Mutual Funds

Overnight funds steal a march over liquid funds

Radhika Merwin | Updated on July 26, 2020 Published on July 25, 2020

The gap between returns on these schemes has become almost negligible

Have you been preferring liquid funds over overnight funds to earn that extra return from investing your excess money?

Steep falls in short-term interest rates, changes in valuation rules of money-market and debt securities and tweaks in the risk-management framework may have removed that arbitrage in the near term.

An excess liquidity situation and various policy actions by the RBI, including a sharp cut in repo (to 4 per cent currently) and reverse repo rate (to 3.35 per cent), have led to a steep fall in short-term interest rates over the past few months. Most of the short-term rates are below the repo rate or even below the reverse repo in certain cases.

 

The fallout?

Returns on liquid funds have fallen sharply to 3-3.25 per cent (annualised) over the past month.

This is a far cry from the 6-7 per cent returns these funds had earned over the past 3-5 years and even lower than the 5-odd per cent return over the past year.

Importantly, the gap between returns on overnight and liquid funds has become almost negligible with overnight funds also delivering about 3 per cent return. This is because the yield curve on debt instruments across one-, two- and three-month tenures is currently flat, implying that returns across these papers are similar.

While the overnight rate is below the reverse repo rate at about 3.1 per cent currently, the yield on one-, two- and three-month commercial papers (CPs) (of NBFCs) are at 3.2-3.4 per cent.

Hence, in the past (over three- and five-year periods), while you could enjoy nearly one percentage point higher returns in liquid funds over your overnight funds (about 80 bps in the past year when returns on both categories moderated significantly), currently there is no incentive to park money in liquid funds if your time horizon is just a few days.

The relatively high risk (credit and duration) in liquid funds, exit load on withdrawal before seven days and recent regulatory changes make it unattractive for you to park money in (for very short term) liquid funds in the near term.

What’s changed?

While liquid funds invest in debt and money-market securities of up to 91 days, overnight funds invest in overnight securities having a maturity of one day. Investing in relatively high maturity papers generally fetch higher returns for liquid funds. It is for this reason that investors have been parking large sums of their surplus in liquid funds even if they have a very short-term horizon of a few days.

But with short-term rates falling sharply in the past few months, liquid fund returns have declined to just 3-3.25 per cent (annualised) over the past month.

Given the persisting excess liquidity in the market and further rate cuts by the RBI in the offing, returns from liquid funds are expected to remain subdued in the near term.

Recent changes to the norms around valuation of debt securities and risk management could impact returns further.

In September 2019, SEBI had directed that liquid funds should hold at least 20 per cent of their portfolio in liquid assets — cash, government securities, T-Bills, etc. This was to come into effect from April 2020.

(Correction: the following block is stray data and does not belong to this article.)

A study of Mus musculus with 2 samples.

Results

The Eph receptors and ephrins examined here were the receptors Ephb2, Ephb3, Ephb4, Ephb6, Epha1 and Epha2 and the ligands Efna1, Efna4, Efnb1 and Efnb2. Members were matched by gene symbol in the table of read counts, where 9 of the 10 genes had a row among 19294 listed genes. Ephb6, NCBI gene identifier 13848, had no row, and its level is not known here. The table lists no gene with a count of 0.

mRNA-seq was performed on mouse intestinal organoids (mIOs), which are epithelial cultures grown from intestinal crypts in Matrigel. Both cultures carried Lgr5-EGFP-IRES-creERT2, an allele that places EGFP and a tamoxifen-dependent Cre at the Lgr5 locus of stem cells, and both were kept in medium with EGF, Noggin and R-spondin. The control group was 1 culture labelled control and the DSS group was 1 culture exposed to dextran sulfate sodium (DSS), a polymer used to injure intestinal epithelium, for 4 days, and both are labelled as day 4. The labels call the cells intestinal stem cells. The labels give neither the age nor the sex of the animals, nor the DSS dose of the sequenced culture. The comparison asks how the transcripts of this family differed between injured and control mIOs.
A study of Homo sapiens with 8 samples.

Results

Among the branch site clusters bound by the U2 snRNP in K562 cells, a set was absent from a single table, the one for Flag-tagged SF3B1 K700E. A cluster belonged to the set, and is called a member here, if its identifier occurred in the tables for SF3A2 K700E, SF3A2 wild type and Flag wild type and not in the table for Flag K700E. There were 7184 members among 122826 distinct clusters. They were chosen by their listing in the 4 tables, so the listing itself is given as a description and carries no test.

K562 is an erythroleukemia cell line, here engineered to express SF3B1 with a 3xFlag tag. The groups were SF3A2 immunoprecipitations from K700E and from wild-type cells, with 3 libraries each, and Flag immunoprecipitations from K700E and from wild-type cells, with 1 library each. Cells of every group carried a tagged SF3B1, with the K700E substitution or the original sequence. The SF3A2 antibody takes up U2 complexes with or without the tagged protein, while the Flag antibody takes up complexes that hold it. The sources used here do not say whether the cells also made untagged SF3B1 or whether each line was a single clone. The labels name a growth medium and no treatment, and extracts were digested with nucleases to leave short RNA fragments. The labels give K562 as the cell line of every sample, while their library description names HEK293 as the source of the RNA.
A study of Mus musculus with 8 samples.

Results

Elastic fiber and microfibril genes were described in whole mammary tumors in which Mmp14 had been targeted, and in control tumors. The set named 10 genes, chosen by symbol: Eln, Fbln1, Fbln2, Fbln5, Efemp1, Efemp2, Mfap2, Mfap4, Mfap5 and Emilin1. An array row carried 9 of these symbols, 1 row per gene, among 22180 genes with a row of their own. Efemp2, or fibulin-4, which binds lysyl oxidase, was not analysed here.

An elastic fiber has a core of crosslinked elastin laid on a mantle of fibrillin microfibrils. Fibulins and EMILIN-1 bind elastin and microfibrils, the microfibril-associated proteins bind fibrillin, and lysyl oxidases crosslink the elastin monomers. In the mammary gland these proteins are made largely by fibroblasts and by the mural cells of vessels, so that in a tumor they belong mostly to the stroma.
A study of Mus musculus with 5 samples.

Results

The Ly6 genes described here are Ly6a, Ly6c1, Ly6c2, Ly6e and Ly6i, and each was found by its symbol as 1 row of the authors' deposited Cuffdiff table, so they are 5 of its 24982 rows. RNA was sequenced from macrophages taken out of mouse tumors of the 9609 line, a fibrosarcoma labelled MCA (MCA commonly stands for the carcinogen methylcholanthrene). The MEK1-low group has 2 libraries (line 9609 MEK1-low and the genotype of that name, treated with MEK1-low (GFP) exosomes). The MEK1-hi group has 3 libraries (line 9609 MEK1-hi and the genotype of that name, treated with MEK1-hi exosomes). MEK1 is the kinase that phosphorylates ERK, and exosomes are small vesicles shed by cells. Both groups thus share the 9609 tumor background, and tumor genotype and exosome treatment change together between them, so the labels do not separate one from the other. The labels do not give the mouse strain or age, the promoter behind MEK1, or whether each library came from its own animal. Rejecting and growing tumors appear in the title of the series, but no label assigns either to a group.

But owing to the pandemic-led market volatility, SEBI extended the date of implementation to June 30.

So, since the beginning of this month, liquid funds have to set aside 20 per cent of their assets in liquid assets. While many funds already hold some portion in liquid assets, adhering to a specified limit at all times could lower the leeway of the fund manager to earn better returns (as liquid assets generate muted returns compared with, say ,CPs or certificates of deposits (CDs)).

Changes in the norms around valuation of debt securities can have a mixed impact on returns.

Prior to the 2019 regulations, non-traded securities that had a residual maturity of up to 60 days did not have to be marked-to-market.

The threshold moved to 30 days last year, impacting returns of many liquid funds as they shifted their maturity to hover around 30 days or less, to follow amortisation-based valuation and curb volatility in returns.

According to SEBI’s directive last year, all debt papers across maturities had to be marked-to-market on April 1, 2020.

But this was postponed, and has come into effect from beginning of July. This will imply two things.

One, with amortisation-based valuation completely dispensed with and all securities being marked-to-market, the volatility in liquid fund returns will increase.

Two, it could also imply higher returns in funds that follow an aggressive strategy of carrying a higher maturity (as there is no benefit of amortisation-based valuation for a particular maturity debt paper).

Why overnight funds?

The flat yield curve across short-term debt instruments will continue in the near term, owing to the surplus liquidity and the RBI rate cuts in the coming months.

Hence, with overnight and liquid funds now offering almost similar returns, investors may be better off parking their money in overnight schemes in the near term.

Mind you, liquid funds also carry a higher duration risk (more so with the recent tweaks in norms of valuation in securities). To ward off undue duration risk, investors can park their money in overnight funds in the near term.

With liquid funds charging exit load on withdrawals within seven days of investing, it makes all the more sense for investors with a few days’ time horizon to go for overnight funds.